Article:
Brazilian percussionist Naná Vasconcelos is known for his ability to find music in everyday objects but for him, the human body is the most important musical instrument of all. In Diário de Naná, the filmmakers follow Vasconcelos on his quest for the spiritual and ethnic origins of his music in Recôncavo Baiano, in the north-eastern state of Bahía. Slowly but surely, we see how various ethnic backgrounds, the colonial past, nature and religious rituals have become lodged in the rhythms of the Brazilian musical tradition.
Any viewer not particularly fascinated by music or Brazilian culture, or Brazilians in general, might easily be bored stiff by this hour-long documentary: just another pile of footage wherein some guy travels around talking to people, laughing and playing a little music here and there. For the rest of us this is quite a treat, in more than one sense.
The protagonist, legendary Brazilian percussionist Naná Vasconcelos deserves a documentary of his own; the equally legendary Bahia region in the north-east of this vast country is a cultural phenomenon, famous for its multitude of musical genres, subgenres and varieties spread around like dialects (by the hundreds, according to a Brazilian musician I had the pleasure of talking to a couple of years ago). The geography being what it is, it’s tempting to compare the region’s impact on world music with its neighbouring forests’ effects on the air we breathe all over the globe. Most of all, Naná’s Diary gives us a taste of some of the many musical influences themselves, their genealogy, not to mention the people who keep these constantly developing traditions alive.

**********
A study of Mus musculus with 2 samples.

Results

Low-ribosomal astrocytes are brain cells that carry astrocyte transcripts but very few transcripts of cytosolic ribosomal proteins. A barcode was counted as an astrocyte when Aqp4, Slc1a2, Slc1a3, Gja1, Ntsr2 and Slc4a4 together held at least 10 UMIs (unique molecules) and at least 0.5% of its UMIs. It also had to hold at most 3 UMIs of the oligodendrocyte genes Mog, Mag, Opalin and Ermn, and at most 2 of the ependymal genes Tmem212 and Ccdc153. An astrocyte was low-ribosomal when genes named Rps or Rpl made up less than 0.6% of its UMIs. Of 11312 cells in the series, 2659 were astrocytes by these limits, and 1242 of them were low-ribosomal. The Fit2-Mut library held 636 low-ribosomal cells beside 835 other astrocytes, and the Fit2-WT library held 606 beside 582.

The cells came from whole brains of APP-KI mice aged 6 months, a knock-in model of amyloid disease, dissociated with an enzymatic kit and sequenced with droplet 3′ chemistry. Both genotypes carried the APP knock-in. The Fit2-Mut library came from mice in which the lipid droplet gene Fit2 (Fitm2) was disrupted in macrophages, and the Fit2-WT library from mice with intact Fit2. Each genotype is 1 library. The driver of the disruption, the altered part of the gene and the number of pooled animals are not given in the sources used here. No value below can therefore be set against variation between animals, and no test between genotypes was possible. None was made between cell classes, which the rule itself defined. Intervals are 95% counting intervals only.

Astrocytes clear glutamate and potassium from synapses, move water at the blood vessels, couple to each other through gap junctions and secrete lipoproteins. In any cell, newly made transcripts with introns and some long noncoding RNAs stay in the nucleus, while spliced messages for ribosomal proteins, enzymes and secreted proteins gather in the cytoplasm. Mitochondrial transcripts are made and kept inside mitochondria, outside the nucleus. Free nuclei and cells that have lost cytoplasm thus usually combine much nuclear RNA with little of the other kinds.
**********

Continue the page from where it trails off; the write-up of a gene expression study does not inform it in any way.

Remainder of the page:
As mentioned, 68-year-old Naná Vasconcelos is himself a worthy topic, a celebrated musician, long since established in the jazz festival circuit, having played with the likes of Gato Barbieri, Pat Metheny, Jack DeJohnette and Milton Nascimento to name a few.
He knows, to say the least, a thing or two about music and its many influences, and he also happens to be a charming and charismatic tour guide for Samora’s film. Thankfully, Samora has the sense to show him as the craftsman that he is, as opposed to the indulgent celebrity suck-up that many an artist portrait deteriorates into.
Where’s the stradivarius of the dishes?
It is Naná Vasconcelos who calls the shots, Naná the musician, the cultural explorer or simply Naná, the convivial fellow human. He has a way of communicating with people that quite a few talk-show hosts could envy him. Add to that his wholehearted enthusiasm for music, and you have the making of a pedagogical talent, as can be seen in the scene where he’s telling a group of local youngsters about the different instruments and the ways they’ve taken through history, over land and sea.
His inquiries and spontaneous lectures on the different instruments’ backgrounds, add up to something we never can get enough of: musical influences described in terms of their sociocultural genealogy, their historical/ geographical roots, and even better: described by performance. Here is talking, here is singing and here is jamming – with any object at hand.